There aren't too many non-brand jazz pianists left who can make you sit up and take notice. I'm talking about players like the late Eddie Higgins and John Bunchplayers insiders knew. What makes an exceptional jazz pianist? Swing, confidence, tasteful voicings and inventive lines. Swing, meaning an impeccable sense of time that allows the player to drop behind and jump ahead of the beat in places to catch the ears and feet. Confidence, meaning bold, risky moves executed with strength and determination. Voicings, as in how chords are structured. And inventive lines, as in solos that create tasteful new melody lines rather than just fill space.
Hod O'Brien is just such a pianist, and chances are you've never heard of him. O'Brien, 77, played with many top artists in the 1950s and recorded on a bunch of swell albums. They include Three Trumpets (1957) with Donald Byrd, Idrees Sulieman and Art Farmer and dates with J.R. Monterose, Allen Eager, Joe Puma, Chet Baker, Herb Geller, Royce Campbell and Barry Harris.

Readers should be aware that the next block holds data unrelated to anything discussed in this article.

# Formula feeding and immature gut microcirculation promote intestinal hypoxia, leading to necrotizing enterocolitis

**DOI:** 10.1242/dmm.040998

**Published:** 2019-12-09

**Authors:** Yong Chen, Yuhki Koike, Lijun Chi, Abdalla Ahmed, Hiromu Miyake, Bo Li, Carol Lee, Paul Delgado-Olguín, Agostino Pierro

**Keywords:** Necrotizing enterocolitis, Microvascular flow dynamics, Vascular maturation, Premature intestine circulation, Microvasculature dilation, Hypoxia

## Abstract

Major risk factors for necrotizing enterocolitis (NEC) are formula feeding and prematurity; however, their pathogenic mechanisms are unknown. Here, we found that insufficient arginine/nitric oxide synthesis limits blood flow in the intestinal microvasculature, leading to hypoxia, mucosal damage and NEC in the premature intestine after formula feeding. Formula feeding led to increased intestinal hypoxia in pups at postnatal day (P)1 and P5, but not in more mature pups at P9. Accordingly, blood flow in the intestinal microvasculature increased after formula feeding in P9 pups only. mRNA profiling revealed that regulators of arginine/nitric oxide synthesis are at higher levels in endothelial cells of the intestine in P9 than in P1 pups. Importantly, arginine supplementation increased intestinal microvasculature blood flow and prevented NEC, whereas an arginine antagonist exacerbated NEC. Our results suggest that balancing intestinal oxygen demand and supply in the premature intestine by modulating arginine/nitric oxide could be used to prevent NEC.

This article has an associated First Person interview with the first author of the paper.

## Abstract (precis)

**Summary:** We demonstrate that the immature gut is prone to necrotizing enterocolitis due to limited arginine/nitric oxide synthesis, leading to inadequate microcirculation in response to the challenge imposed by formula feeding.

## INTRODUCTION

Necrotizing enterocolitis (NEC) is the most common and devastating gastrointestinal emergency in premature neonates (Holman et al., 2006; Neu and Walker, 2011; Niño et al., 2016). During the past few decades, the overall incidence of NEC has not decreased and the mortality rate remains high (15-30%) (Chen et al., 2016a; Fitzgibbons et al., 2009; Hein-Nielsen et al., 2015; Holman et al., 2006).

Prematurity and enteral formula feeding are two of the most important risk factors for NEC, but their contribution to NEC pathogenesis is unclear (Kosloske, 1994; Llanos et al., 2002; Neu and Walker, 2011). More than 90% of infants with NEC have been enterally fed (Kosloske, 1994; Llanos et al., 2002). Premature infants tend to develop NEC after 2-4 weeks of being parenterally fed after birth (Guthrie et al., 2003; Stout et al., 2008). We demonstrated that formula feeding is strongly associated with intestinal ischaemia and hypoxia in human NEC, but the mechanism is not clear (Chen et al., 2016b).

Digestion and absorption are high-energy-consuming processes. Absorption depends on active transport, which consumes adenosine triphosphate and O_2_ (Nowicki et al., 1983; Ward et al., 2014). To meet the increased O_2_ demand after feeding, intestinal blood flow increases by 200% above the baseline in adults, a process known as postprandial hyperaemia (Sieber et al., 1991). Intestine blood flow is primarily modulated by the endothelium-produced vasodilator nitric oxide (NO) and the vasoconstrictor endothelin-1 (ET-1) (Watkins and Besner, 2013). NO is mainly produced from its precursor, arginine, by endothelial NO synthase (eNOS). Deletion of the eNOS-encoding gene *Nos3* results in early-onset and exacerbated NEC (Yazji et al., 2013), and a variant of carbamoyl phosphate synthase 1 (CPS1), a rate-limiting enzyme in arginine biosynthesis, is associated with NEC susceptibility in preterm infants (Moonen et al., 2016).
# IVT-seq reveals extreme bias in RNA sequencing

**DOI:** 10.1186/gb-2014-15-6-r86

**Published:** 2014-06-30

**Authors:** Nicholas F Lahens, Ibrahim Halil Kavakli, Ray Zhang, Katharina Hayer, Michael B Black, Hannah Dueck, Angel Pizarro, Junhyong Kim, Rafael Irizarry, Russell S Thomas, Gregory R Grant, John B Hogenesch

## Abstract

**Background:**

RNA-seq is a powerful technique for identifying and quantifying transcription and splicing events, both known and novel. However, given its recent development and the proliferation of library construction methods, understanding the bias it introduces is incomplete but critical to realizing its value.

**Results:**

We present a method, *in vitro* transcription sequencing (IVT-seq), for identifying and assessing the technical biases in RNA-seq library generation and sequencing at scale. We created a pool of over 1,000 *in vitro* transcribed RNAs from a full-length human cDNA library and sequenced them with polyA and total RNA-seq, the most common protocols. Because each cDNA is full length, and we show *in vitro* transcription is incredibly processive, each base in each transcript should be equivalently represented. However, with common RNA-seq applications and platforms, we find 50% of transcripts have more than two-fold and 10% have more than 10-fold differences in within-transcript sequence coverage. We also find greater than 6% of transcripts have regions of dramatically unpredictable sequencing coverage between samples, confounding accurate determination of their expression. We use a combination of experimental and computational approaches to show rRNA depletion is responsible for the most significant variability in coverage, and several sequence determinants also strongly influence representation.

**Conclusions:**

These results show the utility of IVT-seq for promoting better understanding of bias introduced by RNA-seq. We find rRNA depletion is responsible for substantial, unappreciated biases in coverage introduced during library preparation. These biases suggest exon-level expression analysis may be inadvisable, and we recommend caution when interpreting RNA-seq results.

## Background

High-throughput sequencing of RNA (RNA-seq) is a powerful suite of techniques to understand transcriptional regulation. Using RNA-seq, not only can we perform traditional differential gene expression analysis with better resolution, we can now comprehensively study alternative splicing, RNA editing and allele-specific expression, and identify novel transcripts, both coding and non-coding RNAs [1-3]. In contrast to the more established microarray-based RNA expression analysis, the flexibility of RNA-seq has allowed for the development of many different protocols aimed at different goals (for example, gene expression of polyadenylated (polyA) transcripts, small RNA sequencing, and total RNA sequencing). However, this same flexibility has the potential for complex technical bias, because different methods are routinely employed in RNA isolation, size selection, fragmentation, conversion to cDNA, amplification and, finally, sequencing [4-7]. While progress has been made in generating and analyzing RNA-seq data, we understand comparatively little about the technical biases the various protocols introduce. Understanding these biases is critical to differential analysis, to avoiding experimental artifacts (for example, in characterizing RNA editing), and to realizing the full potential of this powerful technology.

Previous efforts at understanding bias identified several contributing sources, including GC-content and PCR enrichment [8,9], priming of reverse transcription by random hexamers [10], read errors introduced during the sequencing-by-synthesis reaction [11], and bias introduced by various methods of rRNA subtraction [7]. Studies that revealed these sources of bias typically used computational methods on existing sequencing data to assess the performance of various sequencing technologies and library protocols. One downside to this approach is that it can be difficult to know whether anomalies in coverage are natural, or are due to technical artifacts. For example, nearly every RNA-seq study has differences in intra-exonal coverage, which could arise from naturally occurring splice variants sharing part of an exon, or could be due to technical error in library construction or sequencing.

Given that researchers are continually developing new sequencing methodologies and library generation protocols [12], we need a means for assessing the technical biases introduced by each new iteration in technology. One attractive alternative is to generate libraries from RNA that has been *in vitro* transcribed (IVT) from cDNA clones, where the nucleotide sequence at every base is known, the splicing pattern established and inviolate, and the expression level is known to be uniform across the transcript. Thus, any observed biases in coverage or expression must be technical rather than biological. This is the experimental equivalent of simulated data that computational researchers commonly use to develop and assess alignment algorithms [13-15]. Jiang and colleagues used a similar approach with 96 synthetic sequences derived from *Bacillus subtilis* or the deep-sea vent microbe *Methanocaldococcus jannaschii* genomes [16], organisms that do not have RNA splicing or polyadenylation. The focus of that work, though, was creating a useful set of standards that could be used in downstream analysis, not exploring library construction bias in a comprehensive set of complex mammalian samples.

On Have Piano Will Swing (Fresh Sound), recorded in 1999, he was joined by Tom Warrington (b) and Paul Kreibich (d). The songs were all perfectly chosen: Passing Through, Dancing in the Dark, Lazy Bird, While My Lady Sleeps, Ecaroh, Red's Groove, Some Other Spring, Hod House, I'm All Smiles, By Myself, Last Night When We Were Young and Soon.
Throughout the album, O'Brien is in complete control, and there's no fudging. He's on the spot for the duration and bangs out songs exactly as you want to hear them. He's a bebop player but doesn't press everything he plays through that filter.
By 1964, O'Brien could read the writing on the jazz wall. According to his Wikipedia entry, he enrolled at Columbia University, where he studied mathematics and psychology, achieving his bachelor's in 1969. Then he took a position in computer programming at New York University from 1969-74, studying computer music under Hall Overton and Charles Wuorinen.
Fortnately for us, O'Brien returned to trio piano.